For 2023 - we are now fully retired from IT training.
We have made many, many friends over 25 years of teaching about Python, Tcl, Perl, PHP, Lua, Java, C and C++ - and MySQL, Linux and Solaris/SunOS too. Our training notes are now very much out of date, but due to upward compatability most of our examples remain operational and even relevant ad you are welcome to make us if them "as seen" and at your own risk.
Lisa and I (Graham) now live in what was our training centre in Melksham - happy to meet with former delegates here - but do check ahead before coming round. We are far from inactive - rather, enjoying the times that we are retired but still healthy enough in mind and body to be active!
I am also active in many other area and still look after a lot of web sites - you can find an index ((here))
Application design in PHP - multiple step processes
When you're putting together a multiple step process in PHP (and that could be anything from a forum to an ordering system), you should bare in mind that each of the program elements will be the 'intermediate' step that takes you from one display to the next ... and that you can't be sure when page "X" has been completed that the next page to be presented really WILL be page "Y" - after all, if the user has failed to enter his password correctly on page "X" you'll want to redisplay it ...
... so here, in principle, is how your code should look. Your application will pick up form data and any existing information from the user's session, then "finish" processing from those inputs. Part of that finishing process will be making the decision as to what page to move onto next, so after finishing from page "X" the code will prepare for page "Y", or page "X" again perhaps. Upon completion of those preparations, the (newly updated) session is saved away, and a template for the new page completed.
Rather than store all the code associated with such a multipage application in one file / logical area, we'll usually split it up. The top level code goes into one file, the "business logic" - code to do the actual application work - into another. A third file contains the "web helpers" - routines which handle the forms, sticky fields, web principles, etc. And a fourth file contains a template - what the web page presented will actually look like.
By splitting the code in this way, it becomes easier to maintain as it's in sensible sized chunks. It also allows for elements to be reused in other areas of the web site / application - for example, a template might be shared right across a site, web helpers across many sites, and the business logic may be used offline as well as on the web. Finally, the division principle allows each section to be independently looked after by experts in that section - you need staff who are masters at each individual trade rather than staff who can dabble a bit in all areas.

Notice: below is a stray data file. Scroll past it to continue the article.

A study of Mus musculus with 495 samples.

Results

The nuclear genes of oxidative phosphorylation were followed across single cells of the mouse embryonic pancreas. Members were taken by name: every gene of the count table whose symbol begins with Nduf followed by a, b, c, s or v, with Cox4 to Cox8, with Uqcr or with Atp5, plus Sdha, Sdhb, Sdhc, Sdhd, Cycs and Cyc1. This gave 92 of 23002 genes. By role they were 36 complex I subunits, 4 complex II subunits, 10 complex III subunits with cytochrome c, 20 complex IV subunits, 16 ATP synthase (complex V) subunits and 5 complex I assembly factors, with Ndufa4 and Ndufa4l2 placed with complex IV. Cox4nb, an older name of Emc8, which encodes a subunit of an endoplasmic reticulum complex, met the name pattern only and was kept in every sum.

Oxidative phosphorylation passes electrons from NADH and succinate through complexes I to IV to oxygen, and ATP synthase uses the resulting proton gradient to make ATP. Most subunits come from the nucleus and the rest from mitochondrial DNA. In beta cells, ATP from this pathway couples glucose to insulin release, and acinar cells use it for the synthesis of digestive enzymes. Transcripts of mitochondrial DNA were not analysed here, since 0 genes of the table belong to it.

If you have heard about MVC ("Model View Controller") parts of what I have written may sound very familiar indeed ... and that is no accident!
We have a sample 'shell' of an application that goes through a multistep process using these principle and you can run it here
. Source code is here (top level)
, here (business logic)
, here (web helpers)
and here (template)
This subject is taught briefly on our learning to program in PHP
and PHP programming
courses, and much more fully covered during our PHP techniques workshop (written 2009-05-11)
Associated topics are indexed as below, or enter http://melksh.am/nnnn for individual articlesH302 - PHP - MVC, 4 layer model and templating 
Kiss and Book - (2008-05-07) 
Larger applications in PHP - (2008-07-22) 
Diagrams to show you how - Tomcat, Java, PHP - (2008-08-22) 
Improving the structure of your early PHP programs - (2009-05-25) 
Adding a newsfeed for your users to a multipage PHP application - (2009-06-06) 
Your PHP website - how to factor and refactor to reduce growing pains - (2011-09-24) 
Separating program and artwork in PHP - easier maintainance, and better for the user - (2011-12-05) 
Zend / layout of MVC and other files in an example application (PHP) - (2012-12-16) 
MVC and Frameworks - a lesson from first principles in PHP - (2013-04-19) 
Teaching CodeIgniter - MVC and PHP - (2013-06-12) 
PHP training - refreshed modern course, backed up by years of practical experience - (2014-11-16)
Some other Articles
Melksham Candidates for Wiltshire Unitary ElectionPreventing forum spam - checks at sign upBalloon Journey in WiltshireMelksham in picturesApplication design in PHP - multiple step processesBasic OO principlesPHP4 v PHP5 - Object Model DifferenceCleaning up redundant objectsDesigning a heirarcy of classes - getting inheritance rightWhen should I use OO techniques?